Unlike other focus areas in the field of medicine, psychology provides nothing that is concrete. It’s not like saying, “Your blood pressure is 130/80 mmHg.” Instead, the mental health professional, or in the case of a psychiatrist, mental health medical doctor, must craft a diagnosis from various guidelines, many of which are vague. This makes any of the subfields of psychology inherently difficult to study and practice. Some forms of psychology are more difficult than others, however.
By its very nature, parapsychology is even more vague than “traditional” mental health practices. It’s the study of nonquantifiable phenomena, such as telepathy, telekinesis, extrasensory perception, and mind reading. Because the existence of these phenomena are not universally accepted, parapsychologists must operate under a certain stigma. Often, those who are more outlandish than others are considered charlatans and quacks even if they are serious about their studies and their practices. The field has, however, gained respectability in the 21st century as there are at least six peer-reviewed, respected journals dedicated to parapsychology.
2. Forensic Psychology
Practitioners of forensic psychology are often called profilers. Despite the glory of such a job as depicted on CBS’s excellent crime drama “Criminal Minds,” the job requires painstaking attention to detail and is often unheralded. Being behind the scenes is part of the job. The job entails working with victims of crimes and figuring out how the criminals themselves operate. It is not unusual for both the mental health and the very lives of crime victims to depend on the diligence and accuracy of the forensic psychologist. These professionals also must earn an additional degree in clinical psychology before beginning to operate in their field.
3. Those Who Focus on Rare Disorders
Imagine that you’re a psychologist and that you receive a referral from a colleague about a patient whom your colleague cannot treat because the patient’s condition has stumped the colleague. Further, imagine that the patient has a panic attack in your office just because you have three or four exquisite paintings on the wall. Unless you’d heard of Stendhal Syndrome, you might be stumped too. Two centuries ago, doctors who had patients cut themselves institutionalized them, sometimes forever, when only a few weeks of therapy could have given the patients the proper coping mechanisms. Psychologists in the 21st century have better tools, to be sure, than their 19th-century counterparts, but there are new psychoses and other mental health conditions being postulated and discovered all the time.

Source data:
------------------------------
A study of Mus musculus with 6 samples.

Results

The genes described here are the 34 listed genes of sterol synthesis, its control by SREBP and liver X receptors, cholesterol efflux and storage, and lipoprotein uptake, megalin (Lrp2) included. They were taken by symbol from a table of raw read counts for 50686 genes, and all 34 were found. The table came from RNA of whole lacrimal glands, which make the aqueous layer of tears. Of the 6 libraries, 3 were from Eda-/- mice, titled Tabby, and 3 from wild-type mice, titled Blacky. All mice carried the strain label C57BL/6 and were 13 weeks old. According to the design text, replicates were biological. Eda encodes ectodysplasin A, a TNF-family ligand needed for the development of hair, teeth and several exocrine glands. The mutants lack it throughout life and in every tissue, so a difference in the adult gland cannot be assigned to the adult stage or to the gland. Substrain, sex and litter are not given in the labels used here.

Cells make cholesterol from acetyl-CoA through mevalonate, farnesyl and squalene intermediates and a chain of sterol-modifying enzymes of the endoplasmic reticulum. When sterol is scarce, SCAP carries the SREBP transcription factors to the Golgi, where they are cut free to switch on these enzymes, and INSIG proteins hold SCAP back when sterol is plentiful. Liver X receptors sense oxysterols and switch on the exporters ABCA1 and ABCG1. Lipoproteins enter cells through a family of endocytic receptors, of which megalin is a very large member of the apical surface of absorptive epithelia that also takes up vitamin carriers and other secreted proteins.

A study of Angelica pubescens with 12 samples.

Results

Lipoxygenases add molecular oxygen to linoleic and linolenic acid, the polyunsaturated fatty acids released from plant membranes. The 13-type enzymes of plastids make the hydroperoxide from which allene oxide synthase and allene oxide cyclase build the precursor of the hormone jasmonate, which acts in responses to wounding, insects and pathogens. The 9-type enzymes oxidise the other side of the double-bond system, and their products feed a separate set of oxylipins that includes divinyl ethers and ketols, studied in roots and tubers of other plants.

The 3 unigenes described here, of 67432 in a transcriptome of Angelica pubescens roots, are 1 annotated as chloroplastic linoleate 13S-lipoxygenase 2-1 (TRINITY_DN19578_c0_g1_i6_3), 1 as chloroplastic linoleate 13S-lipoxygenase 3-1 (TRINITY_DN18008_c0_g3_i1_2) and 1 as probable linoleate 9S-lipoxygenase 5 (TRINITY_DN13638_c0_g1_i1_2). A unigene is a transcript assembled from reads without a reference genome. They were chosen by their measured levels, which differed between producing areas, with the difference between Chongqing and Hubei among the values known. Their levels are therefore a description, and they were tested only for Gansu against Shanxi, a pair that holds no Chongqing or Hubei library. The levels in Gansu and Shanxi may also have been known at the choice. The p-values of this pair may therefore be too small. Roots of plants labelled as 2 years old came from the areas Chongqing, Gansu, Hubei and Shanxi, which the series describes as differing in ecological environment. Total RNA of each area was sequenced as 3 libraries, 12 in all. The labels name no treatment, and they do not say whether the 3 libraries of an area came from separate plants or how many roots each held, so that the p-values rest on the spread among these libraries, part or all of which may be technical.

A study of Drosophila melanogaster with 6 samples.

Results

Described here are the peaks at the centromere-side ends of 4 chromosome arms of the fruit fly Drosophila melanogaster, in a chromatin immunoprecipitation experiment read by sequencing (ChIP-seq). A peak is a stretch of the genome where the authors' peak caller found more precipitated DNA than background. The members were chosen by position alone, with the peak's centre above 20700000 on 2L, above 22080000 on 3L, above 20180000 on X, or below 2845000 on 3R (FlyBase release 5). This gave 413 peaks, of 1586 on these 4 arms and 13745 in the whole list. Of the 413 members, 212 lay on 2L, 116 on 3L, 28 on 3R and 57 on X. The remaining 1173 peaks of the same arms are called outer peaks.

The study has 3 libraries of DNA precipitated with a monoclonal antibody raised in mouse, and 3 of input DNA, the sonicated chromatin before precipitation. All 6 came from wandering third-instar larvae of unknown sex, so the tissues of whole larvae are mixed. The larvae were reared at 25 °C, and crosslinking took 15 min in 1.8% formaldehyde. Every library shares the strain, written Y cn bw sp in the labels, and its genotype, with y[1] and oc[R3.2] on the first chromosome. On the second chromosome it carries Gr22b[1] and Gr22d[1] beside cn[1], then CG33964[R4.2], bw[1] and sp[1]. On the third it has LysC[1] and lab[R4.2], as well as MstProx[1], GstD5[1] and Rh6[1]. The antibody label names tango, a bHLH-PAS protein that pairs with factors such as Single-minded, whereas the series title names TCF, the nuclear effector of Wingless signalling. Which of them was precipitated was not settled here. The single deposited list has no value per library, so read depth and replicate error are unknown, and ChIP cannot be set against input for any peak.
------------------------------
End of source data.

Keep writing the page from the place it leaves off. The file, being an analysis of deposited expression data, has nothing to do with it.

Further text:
Take what might be the most insidious condition of all: death row syndrome. It comes out of the process designed to safeguard prisoners against wrongful execution yet destroys their minds in the process. The study of such conditions and diseases is trying in the extreme for the mental health professionals but is absolutely necessary for the field of psychology to continue to grow.
Psychology and psychiatry are tough careers. Both present obstacles today that might not have ever existed before yesterday. Both require a special kind of person to be successful in them. But, both can be rewarding when you treat a patient effectively and “lift him or her from the darkness.”